Architecture and the road not taken
1 min read

Architecture and the road not taken

A software architect shared this with me the other day (I am paraphrasing): Architecture is concerned with decisions that would be difficult or costly to change later on.

Such a simple and yet apt way to describe the rather complex role of software architecture. And it rings true for architecture in general.    

It made me think back ...

Many years ago I found myself at a cross roads. I had applied to both an architecture school and a design school. Both where rather difficult to get into. For the design school you had to have the grades,  submit a portfolio, and-upon passing that portfolio review-participate in a 2 day on-site test. For either school tuition was not a factor because: Germany. Most universities are free to attend. To my delight and dismay I got accepted into both programs. That led to some rather difficult soul-searching at the time. Talk about impactful decision points!

In the end I opted for design and have had no regrets to date. But many aspects of architecture have remained a life long fascination and passion for me. Books, architectural inspired sketching, key design concepts, they all have been a constant source of  inspiration for me. What a fantastic field and profession. And encountering great architecture remains a rare treat. Kudos to all you architects out there.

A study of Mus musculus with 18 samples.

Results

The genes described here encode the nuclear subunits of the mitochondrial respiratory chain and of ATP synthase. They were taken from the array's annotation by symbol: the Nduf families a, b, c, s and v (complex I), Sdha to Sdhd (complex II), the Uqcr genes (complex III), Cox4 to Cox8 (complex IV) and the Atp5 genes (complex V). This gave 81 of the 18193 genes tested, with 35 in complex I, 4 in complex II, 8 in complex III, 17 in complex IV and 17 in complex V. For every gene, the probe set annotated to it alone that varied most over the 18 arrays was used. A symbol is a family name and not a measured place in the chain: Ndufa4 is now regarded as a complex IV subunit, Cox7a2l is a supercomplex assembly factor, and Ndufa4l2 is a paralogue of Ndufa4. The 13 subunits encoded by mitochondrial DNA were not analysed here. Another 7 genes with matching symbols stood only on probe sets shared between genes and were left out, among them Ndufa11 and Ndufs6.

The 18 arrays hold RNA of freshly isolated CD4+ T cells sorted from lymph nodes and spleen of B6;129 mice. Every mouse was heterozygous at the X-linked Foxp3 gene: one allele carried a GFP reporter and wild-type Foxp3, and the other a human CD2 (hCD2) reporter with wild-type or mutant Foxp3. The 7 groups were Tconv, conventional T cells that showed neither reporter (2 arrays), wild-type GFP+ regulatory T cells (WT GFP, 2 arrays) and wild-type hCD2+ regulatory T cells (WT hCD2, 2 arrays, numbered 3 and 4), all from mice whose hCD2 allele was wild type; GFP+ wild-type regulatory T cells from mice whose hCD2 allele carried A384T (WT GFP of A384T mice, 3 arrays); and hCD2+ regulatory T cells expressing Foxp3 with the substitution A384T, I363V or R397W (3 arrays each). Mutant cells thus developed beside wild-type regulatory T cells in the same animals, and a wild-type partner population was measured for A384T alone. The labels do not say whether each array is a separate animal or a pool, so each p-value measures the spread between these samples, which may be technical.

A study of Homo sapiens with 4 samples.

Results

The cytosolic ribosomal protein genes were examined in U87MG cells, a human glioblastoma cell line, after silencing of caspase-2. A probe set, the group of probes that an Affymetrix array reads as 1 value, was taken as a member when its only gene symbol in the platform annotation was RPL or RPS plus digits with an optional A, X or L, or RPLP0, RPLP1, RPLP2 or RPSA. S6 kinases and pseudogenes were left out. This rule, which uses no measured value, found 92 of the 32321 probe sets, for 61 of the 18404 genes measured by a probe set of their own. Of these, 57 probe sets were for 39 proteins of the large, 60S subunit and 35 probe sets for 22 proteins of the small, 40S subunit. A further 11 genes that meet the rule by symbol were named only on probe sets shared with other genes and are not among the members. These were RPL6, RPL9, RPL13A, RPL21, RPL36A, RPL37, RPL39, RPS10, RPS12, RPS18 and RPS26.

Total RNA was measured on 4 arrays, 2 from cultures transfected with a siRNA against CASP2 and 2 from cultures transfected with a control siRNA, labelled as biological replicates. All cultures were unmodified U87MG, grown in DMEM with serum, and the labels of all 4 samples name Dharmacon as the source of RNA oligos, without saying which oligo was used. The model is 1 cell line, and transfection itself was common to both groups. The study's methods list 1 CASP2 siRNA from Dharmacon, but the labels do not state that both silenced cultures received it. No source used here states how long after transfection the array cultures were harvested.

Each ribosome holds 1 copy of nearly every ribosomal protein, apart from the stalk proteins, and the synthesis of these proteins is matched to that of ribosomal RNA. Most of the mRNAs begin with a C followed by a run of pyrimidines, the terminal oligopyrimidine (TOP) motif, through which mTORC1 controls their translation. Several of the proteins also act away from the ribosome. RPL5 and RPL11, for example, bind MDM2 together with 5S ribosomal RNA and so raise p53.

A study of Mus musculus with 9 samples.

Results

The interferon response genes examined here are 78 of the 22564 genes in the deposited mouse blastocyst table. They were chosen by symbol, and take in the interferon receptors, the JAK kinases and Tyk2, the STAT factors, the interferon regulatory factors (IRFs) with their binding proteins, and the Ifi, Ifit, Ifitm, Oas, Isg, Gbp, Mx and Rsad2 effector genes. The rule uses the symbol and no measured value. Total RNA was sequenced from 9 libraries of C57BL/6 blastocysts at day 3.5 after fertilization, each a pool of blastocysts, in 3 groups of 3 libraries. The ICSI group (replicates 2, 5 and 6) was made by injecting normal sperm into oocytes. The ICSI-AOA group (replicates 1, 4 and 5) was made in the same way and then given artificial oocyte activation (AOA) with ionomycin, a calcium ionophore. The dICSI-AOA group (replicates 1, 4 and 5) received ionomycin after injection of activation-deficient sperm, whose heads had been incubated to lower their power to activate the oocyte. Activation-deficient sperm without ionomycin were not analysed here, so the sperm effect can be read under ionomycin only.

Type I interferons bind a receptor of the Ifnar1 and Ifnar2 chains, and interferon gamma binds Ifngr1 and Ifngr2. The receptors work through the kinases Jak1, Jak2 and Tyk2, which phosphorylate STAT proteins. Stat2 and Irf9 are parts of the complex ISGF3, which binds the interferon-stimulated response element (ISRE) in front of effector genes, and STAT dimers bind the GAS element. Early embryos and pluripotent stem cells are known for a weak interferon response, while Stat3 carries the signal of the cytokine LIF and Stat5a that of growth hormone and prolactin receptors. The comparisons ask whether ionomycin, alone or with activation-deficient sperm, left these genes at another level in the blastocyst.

Back to today...

As a designer I was happy to add yet another dimension to my own grasp of architecture from the field of software engineering no less. This is what  I found on  wikipedia after the conversation on software platform architecture. And it reminded me of how everything is design in the end:

In software engineering and software architecture design, architectural decisions are design decisions that address architecturally significant requirements; they are perceived as hard to make and/or costly to change.

This relates so much to my own decision way back then and how greatly it affected the entire course of my life and career.  

Each architectural decision describes a concrete, architecturally significant design issue (a.k.a. design problem, decision required) for which several potential solutions (a.k.a. options, alternatives) exist. An architectural decision captures the result of a conscious, often collaborative option selection process and provides design rationale for the decision making outcome.

I love that architecture continuous to features so prominently in my life and work. It always will.

Here is to the big decisions. In design, architecture, and everything else.